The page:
BRETT DUNLAP   Parkersburgh News and Sentinel    15 May 2008

PARKERSBURG — With the May primary wrapped up, Wood County experienced a few problems, but County Clerk Jamie Six said things went well.

Early in the day Tuesday, Six had to go out and replace and repair a number of printers on the voting machines. Also, the city started a water line repair on 16th Street that caused some problems for people to reach a polling location at Woodman Hall at 15th and Lynn streets.

There were also some electronic issues with some of the voting machines that caused a delay in tallying the votes. Six said they had the usually concerns of keeping campaign materials the proper distance from polling locations and other concerns.

However, one of the biggest problems some voters faced was people who were not affiliated with a particular party being able to get the primary ballot they wanted to vote on.

For the first time, all of the primaries for the Republican, Democrat and Mountain parties were open to non-affiliated voters.

However, the existing rules prohibited pollworkers from being able to offer one of the three ballots to voters, leaving it to each voter to have to ask for the ballot they wanted to vote on, Six said adding that once a ballot was given, pollworkers were not allowed to give another.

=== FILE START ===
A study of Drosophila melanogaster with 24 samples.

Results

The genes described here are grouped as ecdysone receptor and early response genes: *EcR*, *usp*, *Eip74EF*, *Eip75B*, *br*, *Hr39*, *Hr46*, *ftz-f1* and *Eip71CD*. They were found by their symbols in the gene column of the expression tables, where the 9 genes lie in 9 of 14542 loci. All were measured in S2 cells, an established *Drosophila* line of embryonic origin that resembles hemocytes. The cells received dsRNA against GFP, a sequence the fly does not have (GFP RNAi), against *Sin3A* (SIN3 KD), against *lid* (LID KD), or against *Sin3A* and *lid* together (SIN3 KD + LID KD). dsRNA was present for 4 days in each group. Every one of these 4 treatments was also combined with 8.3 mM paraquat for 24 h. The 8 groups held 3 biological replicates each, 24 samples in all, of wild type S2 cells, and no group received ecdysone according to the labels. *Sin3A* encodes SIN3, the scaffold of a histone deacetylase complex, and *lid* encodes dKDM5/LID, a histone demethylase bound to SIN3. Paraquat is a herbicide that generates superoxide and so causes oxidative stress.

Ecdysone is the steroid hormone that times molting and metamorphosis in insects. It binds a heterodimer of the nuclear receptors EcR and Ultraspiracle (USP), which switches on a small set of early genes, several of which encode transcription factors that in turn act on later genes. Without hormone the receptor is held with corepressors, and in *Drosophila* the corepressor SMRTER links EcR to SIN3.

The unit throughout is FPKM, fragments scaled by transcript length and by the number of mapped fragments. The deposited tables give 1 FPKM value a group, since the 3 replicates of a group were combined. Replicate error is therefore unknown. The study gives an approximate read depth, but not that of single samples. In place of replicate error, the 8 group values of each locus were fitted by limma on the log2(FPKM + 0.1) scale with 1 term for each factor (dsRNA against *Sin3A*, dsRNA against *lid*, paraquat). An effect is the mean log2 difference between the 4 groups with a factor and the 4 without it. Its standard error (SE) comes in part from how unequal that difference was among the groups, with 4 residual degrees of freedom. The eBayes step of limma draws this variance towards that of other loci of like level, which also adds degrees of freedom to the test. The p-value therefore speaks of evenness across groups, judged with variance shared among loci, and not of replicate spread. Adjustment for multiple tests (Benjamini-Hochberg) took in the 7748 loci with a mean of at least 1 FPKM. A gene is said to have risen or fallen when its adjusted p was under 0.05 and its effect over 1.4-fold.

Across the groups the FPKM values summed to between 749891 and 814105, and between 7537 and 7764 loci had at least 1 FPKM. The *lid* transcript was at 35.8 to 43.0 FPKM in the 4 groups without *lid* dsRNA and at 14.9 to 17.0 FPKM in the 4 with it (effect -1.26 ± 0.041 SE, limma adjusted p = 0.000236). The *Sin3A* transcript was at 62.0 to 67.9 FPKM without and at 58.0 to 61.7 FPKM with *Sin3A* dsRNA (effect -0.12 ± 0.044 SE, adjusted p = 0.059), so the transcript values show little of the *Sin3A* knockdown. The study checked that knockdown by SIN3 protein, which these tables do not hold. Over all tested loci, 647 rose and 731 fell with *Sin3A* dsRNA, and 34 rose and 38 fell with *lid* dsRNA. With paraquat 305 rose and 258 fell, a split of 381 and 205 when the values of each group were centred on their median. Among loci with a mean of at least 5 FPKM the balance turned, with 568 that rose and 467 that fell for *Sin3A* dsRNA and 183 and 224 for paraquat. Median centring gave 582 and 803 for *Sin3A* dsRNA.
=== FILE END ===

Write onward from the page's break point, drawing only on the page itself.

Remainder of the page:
‘‘We had a few people upset by that,’’ Six said.

An e-mail from Jason Williams, manager of the Elections Division in the Secretary of State’s office, sent in March reminded each county clerk of this fact.

‘‘Please remember when training your pollworkers that state law does not allow for the receiving board to notify the independent/non-partisan voters that they can vote a Democratic, Republican or Mountain Party Ballot,’’ Williams wrote. ‘‘This requirement is outlined in the new version of the pollworker training...’’

Six said he didn’t agree with this, but he and his people had to follow the rules as they are presented.

He is hoping that the Legislature and the Secretary of State’s office will go back and look at this issue and make adjustments so voters will have an easier time getting the correct ballot in future elections.

‘‘I would like to see pollworkers trained so they will be able to ask people what ballot they want to vote on,’’ he said.